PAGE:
Controlling is a process ensuring that the organization fulfills its objectives. The controlling function of management has four basic steps, such as setting objectives, observing and measuring performance, comparing results and corrective action (David, 1999).
Developing or establishing standards and criteria is the first step of controlling that shows how close the monitoring and planning are. Standards are specific objectives, the progress against which can be measured. These goals arise out of the planning process. All standards are used for controlling should be selected from the multiple objectives and strategies of the organization. Goals that can be used as standards for controlling are characterized by a time frame and specific criteria against which it is possible to estimate the degree of performance. For this step it is important to define the performance indicators that accurately define what must be obtained in order the goal to be achieved.
Observing and Measuring Performance
The second step consists of measuring actual performance. Supervisors of organizations collect information to measure actual performance and determine variation from the standard. Performance can be measured with the help of personal observation, statistical reports, and oral reports. Watching the employees working gives lots of information, extensive coverage, and the ability to make conclusions while reading between the lines. Employees can wrongly understand supervisor’s walking around as mistrust.
Comparison of the results achieved with established standards is the third step of controlling. At this step the supervisor should determine how achieved results correspond to expectations. It is necessary to determine how acceptable or safe the detected deviations from the standards are. Activities undertaken at this step of controlling are the most important. These activities include four stages.
The first stage is to define the scope of permissible deviation, and the exclusion principle. The second stage is to measure the results. It is the most difficult and costly element of control that allows determining how the company managed to meet established standards. To be effective, a system of measurement should correspond to the activity that is subject of controlling. The third stage is the transfer and dissemination of information, which plays a key role in ensuring the effectiveness of controlling. Fourth, final stage is to assess the results. It is the supervisor, who determines the degree of relevance and importance of the received information (Sherman, 2006).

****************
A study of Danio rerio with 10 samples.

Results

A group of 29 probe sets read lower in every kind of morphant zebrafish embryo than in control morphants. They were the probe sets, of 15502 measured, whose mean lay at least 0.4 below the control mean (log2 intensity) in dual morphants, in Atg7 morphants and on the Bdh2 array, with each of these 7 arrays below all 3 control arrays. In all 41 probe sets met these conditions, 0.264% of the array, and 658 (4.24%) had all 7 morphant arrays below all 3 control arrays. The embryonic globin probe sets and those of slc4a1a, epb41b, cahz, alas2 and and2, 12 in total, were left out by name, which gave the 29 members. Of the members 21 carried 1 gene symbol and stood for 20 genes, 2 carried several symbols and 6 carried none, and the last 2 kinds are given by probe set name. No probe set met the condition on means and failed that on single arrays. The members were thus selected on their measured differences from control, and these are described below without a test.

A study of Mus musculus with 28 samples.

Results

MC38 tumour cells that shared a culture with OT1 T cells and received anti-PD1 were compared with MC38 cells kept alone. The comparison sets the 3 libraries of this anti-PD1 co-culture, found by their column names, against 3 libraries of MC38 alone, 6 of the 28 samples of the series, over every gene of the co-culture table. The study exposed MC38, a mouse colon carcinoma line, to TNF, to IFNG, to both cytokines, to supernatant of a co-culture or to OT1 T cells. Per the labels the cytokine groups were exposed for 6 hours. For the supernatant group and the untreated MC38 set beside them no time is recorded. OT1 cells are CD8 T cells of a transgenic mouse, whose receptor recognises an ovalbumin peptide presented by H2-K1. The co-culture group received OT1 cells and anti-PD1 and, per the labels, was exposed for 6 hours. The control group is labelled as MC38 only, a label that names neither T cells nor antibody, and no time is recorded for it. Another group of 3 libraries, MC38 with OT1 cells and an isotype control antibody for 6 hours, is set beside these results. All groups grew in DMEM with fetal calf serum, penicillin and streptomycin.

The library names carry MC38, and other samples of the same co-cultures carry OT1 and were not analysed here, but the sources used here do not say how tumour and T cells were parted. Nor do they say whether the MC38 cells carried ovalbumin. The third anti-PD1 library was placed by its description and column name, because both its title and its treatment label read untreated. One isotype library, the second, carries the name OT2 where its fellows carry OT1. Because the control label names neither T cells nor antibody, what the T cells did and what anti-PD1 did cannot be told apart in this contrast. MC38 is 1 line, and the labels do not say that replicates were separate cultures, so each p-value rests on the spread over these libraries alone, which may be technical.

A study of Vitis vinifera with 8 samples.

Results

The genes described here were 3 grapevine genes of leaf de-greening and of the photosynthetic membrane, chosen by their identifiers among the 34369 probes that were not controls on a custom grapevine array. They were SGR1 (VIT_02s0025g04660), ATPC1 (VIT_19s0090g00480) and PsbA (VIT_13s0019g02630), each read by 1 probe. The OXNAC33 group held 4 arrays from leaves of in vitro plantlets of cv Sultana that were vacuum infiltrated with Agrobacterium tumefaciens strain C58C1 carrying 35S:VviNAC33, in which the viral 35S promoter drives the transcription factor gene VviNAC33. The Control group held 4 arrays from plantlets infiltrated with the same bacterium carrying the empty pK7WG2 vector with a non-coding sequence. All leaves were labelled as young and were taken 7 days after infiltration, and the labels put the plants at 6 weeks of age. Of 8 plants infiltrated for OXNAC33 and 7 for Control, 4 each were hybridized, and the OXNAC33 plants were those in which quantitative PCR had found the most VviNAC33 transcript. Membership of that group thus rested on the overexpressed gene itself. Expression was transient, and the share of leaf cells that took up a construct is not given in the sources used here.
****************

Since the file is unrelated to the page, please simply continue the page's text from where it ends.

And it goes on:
Taking the necessary corrective action is the fourth step of controlling function, coming into force after the supervisor making an assessment of the situation. At this step, the supervisor selects one of three behaviors: do nothing, eliminate the deviation or revise the standards. Here is a brief explanation of each decision.
Do nothing. The main purpose of controlling is to achieve a situation in the organization operate in accordance with the plan. If the controlling system shows that some elements of the organization work well, there is a need to continue to measure performance, repeating the cycle of controlling.
Eliminate the deviation. The pursued adjustment should focus on eliminating the causes of the deviation. The step of measurements should show the scale of deviation from the standard and a clear indication of its cause. Unfortunately it is impossible in real life, since most of the work in the organization is the result of combined efforts of groups of people. The meaning of corrections is to understand the causes of deviation and to return the organization to the proper course of action.
Revise the standards. Not all significant deviations from the standards should be addressed. Sometimes the standards themselves may be unrealistic because they are based on plans, and plans are only predictions of the future. Therefore, in revising the plans, standards also should be revised.
Summarizing, there is a need to repeat that controlling is one of the most important management functions in the organization. Leaders begin to implement the function of control from the very moment they formulated the goals and objectives and created the organization. Control is very important if supervisor wants the organization to function effectively. Chaos starts when there is no controlling, and to combine the activities of any groups becomes impossible. It is also important that goals, plans and structure of the organization determine its activity by distributing its efforts one way or another and directing execution of work. Control, thus, is an integral part of the very essence of any organization.
David, F.R. (1999). Strategic Management, Concepts and Cases. 12th edition. P. 45-47.
Sherman, H., Rowley, D.J., & Armandi, B.R. (2006). Strategic Management: an Organization Change Approach. pp. 489-491.